The Cruel Practice of Coyote & Fox "Penning"

Few people have heard of "penning." This cruel practice involves the live trapping of coyotes and foxes (generally with leghold traps or snares) who are then often shipped and traded across state lines and sold to penning facilities. The captured wild canids are then released into pens and used to "train" hunting dogs. Considered "sport" and "entertainment" by some, one terrified coyote or fox may be pitted against packs of hound dogs who are released into the pens to pursue the wild animals - domestic canine pitted against wild cousin. This practice parallels dog and cockfighting - activities made illegal in all U.S. states. Most penned coyotes and foxes literally become live bait and are torn apart and killed by the dog packs. As a result, pens must be continually restocked with wild canids.

Despite a resolution by the Midwest Association of Fish and Wildlife Agencies in 2008 urging the adoption of state-by-state regulations prohibiting the practice, penning is still legal in several states throughout the Southeast and Midwest.

In Florida, penning was temporarily suspended on February 17 after a public hearing and comment period generated more than 2,500 letters in support of a ban and two major newspapers came out with editorials in favor of a permanent ban. An undercover investigation of penning operators in the state led to the arrest of 12 people and the issuance of 46 citations. One week later, the Indiana Department of Natural Resources (DNR) issued a report recommending that the Indiana Natural Resources Commission (NRC) prohibit coyote and fox penning citing ethical and ecological related concerns. In its report, the DNR stated, "...the DNR is recommending that the NRC not allow an individual to chase or kill a coyote or fox in an enclosure with the use or aid of dogs."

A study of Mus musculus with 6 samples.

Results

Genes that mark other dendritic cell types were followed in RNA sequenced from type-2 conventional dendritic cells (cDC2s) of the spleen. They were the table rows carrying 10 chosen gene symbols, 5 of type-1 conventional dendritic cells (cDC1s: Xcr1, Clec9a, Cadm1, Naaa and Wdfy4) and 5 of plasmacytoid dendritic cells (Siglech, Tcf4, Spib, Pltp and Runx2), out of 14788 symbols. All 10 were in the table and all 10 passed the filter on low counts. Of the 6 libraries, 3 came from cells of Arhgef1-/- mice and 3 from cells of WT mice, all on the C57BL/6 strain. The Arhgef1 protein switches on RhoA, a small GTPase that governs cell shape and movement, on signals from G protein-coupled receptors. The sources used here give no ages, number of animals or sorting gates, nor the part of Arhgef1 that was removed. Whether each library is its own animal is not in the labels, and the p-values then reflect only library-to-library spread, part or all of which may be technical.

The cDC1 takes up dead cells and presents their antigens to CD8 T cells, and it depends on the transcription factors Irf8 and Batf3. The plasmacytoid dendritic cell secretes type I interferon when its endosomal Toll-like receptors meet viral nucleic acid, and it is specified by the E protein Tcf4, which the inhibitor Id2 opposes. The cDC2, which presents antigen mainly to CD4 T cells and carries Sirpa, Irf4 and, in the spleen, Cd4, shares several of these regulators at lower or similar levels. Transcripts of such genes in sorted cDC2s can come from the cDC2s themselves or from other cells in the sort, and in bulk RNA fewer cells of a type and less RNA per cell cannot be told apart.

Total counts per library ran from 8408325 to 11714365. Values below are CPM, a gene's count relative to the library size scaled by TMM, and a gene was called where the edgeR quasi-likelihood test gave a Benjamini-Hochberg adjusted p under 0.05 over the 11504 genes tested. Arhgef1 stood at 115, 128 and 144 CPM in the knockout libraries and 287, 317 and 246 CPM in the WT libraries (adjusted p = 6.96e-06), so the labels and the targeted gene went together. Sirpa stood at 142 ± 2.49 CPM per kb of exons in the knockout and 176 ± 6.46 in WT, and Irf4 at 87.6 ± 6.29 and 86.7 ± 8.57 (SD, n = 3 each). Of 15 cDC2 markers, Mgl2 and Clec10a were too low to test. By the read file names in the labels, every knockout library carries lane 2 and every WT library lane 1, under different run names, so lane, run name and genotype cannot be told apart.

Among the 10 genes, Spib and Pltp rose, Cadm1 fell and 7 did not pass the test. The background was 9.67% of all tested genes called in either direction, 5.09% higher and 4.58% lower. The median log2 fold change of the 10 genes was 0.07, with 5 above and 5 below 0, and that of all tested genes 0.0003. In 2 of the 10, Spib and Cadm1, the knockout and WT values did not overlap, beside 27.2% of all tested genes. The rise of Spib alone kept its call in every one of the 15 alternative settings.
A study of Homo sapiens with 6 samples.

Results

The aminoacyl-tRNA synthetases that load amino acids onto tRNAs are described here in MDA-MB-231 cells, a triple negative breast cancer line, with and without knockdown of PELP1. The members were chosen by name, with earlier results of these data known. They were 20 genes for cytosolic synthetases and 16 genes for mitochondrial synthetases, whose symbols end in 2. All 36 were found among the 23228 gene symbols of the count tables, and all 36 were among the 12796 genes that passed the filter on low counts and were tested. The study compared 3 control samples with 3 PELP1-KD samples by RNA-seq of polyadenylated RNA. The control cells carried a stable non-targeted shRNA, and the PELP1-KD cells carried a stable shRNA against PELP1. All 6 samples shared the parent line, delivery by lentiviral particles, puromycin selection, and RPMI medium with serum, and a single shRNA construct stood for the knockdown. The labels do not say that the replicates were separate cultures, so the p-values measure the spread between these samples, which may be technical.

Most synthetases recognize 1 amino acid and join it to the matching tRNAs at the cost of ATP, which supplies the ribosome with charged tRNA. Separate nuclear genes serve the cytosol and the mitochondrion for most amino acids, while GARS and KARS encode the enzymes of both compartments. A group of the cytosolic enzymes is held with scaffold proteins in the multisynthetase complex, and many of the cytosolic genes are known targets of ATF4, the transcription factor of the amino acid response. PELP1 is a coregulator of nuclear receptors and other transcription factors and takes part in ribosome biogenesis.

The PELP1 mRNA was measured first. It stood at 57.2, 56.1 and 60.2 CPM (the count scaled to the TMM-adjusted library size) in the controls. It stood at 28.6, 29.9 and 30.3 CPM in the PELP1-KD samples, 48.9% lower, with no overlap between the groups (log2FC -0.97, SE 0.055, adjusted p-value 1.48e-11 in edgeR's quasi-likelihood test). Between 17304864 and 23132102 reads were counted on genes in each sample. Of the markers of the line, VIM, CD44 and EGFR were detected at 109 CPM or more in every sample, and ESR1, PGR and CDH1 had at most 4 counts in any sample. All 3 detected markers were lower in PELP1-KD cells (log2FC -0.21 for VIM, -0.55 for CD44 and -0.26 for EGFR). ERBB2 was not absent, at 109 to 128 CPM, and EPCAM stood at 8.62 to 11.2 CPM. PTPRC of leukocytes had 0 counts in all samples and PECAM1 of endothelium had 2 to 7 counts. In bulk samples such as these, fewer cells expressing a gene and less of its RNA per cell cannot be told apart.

In both Florida and Indiana, AWI wildlife consultant, Camilla Fox, submitted letters endorsed by more than 60 prominent scientists, wildlife biologists, veterinarians, ethicists and attorneys urging the state wildlife agencies and governors to prohibit penning and to ban trade in coyotes and foxes for such purposes.

The letter, with signatures which included internationally prominent scientists Dr. Michael Soulé, Dr. Marc Bekoff and Dr. Reed Noss and ethicists Dr. Holmes Rolston III and Dr. Dale Jamieson, states, "...we believe this practice - commonly referred to as 'penning' - violates the concept of fair chase and runs counter to fundamental concepts of wildlife management. There are serious ecological, ethical, disease and health-related issues associated with penning. We strongly support a ban on this practice."

AWI, in partnership with Project Coyote and other allies, will continue pursuing a ban on this practice nationwide. We thank our members in Indiana and Florida who responded to our call for action on this issue.